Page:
Standing as a candidate
Both staff and students can vote during the university elections from 20 to 23 April 2020. Do you want to contribute to and have a say in the future of Leiden University? Then submit your candidacy for the University elections on 17 and 18 March!
Standing as a candidate: list system
You can stand as a candidate for the University Council and the Faculty Councils of Humanities, Law, Social Sciences and Science in two ways:
- You can join an existing candidate list. To this end, contact a party. Parties fill in an application (Dutch only) and collect at least five signatures from eligible voters who support the party. Candidates sign an accompanying statement. All this is submitted to the concerning Polling Station.
- You can set up your own candidate list or party. To this end, you have to register your own list via the application form (Dutch only) and include at least five signatures of eligible voters who want to support the list. Together with the accompanying statements of all candidates, this will be submitted to the concerning Polling Station.
Standing as a candidate: candidate system
You can stand as a candidate for the Faculty Councils of Archeology, Governance and Global Affairs, Humanities (staff members), the LUMC Student Council and the Employee Councils by proceeding as follows: apply by filling in the application form and signing the accompanying statement (Dutch only). Part of the candidacy is the support of at least five eligible voters. Both completed forms are submitted simultaneously to the concerning Polling Station.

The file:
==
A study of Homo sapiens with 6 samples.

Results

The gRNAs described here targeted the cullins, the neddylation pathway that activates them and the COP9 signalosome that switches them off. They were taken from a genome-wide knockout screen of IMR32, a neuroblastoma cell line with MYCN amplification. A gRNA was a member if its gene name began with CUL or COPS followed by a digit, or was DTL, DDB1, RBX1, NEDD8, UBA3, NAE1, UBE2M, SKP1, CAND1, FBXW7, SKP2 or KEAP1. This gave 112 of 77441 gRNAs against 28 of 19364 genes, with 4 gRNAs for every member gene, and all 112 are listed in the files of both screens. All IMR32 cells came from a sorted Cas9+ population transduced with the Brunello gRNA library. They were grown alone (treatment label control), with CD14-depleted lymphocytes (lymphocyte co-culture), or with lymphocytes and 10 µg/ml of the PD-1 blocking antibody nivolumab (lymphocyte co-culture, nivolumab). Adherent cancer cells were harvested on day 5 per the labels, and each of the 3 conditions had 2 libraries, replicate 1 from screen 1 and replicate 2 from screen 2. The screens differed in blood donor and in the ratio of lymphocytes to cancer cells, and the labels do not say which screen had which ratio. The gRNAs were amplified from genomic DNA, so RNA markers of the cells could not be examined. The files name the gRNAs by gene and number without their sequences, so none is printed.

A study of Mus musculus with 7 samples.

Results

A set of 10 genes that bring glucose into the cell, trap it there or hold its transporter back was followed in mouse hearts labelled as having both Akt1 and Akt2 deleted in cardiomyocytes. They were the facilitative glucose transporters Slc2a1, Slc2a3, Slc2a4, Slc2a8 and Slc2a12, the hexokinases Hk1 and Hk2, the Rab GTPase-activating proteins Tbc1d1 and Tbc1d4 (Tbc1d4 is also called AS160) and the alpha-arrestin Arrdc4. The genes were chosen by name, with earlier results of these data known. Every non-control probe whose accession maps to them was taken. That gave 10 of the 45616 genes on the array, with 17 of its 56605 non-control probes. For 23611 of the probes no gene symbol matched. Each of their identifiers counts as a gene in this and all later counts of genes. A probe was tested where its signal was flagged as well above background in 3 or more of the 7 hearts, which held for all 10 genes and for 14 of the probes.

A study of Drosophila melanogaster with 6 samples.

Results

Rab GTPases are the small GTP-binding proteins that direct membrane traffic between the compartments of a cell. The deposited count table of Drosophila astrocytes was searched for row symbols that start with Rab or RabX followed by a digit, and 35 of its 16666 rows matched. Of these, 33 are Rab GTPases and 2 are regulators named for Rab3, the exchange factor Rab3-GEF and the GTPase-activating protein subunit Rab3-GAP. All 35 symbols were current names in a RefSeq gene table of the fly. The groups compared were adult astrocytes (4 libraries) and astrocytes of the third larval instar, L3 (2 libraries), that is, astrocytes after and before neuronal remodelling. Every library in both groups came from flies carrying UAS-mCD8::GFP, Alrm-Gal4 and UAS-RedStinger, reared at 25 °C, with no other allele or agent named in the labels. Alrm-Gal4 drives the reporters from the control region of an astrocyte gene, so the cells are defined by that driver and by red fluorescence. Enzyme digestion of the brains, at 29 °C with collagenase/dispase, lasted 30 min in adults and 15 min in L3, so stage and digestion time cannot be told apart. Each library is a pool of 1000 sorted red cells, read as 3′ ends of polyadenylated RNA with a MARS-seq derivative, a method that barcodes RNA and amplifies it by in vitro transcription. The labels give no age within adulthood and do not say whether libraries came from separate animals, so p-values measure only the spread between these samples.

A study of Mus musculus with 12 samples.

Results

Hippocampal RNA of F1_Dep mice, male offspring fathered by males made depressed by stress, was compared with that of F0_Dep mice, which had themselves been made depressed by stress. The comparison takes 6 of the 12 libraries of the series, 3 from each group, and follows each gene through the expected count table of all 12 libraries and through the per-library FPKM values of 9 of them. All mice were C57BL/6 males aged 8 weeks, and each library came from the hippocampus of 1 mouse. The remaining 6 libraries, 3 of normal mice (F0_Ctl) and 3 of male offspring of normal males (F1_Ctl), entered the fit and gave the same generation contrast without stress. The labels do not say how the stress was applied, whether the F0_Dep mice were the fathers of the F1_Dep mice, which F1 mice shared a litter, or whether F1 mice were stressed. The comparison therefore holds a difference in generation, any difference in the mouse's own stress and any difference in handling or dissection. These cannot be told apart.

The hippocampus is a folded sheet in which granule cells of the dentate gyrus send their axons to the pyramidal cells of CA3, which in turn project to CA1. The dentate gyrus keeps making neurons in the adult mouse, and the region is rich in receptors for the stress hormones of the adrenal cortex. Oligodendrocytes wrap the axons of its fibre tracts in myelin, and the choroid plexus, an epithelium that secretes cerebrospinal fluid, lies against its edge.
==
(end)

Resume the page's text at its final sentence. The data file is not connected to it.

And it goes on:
Decision polling stations
A few days after the application deadline, the polling stations will announce their decisions regarding the submitted candidacies. If problems are found which can be resolved- such as the lack of sufficient signatures of eligible voters who support the candidacy – the opportunity will be given to do this within the allotted dates as presented in the time schedule.
Filing an appeal
If you do not agree with a decision by a polling station with regards to the candidacy, you can file an appeal at the chamber for the elections of the Committee for Appeals and Objections (Rapenburg 70 in Leiden) within the allotted dates as presented in the time schedule.
Also against decisions regarding the correction of the electoral register, appeals can be filed at the chamber for the elections of the Committee for Appeals and Objections (Rapenburg 70 in Leiden) within the allotted dates as presented in the time schedule.
The Guideline on Language Policy states that a minimum of a passive knowledge of Dutch at B1 level is needed in order to take part in participation councils such as the University Council. This is required because Dutch is in principle the language of administration. Those interested in testing their level of Dutch can test their knowledge online, such as via Dialang, or they can take the entrance test at the Academic Language Centre of Leiden University. Moreover, those interested can follow an introductory online course in Dutch or can request for resources to follow a course in Dutch once they get elected in a participation body.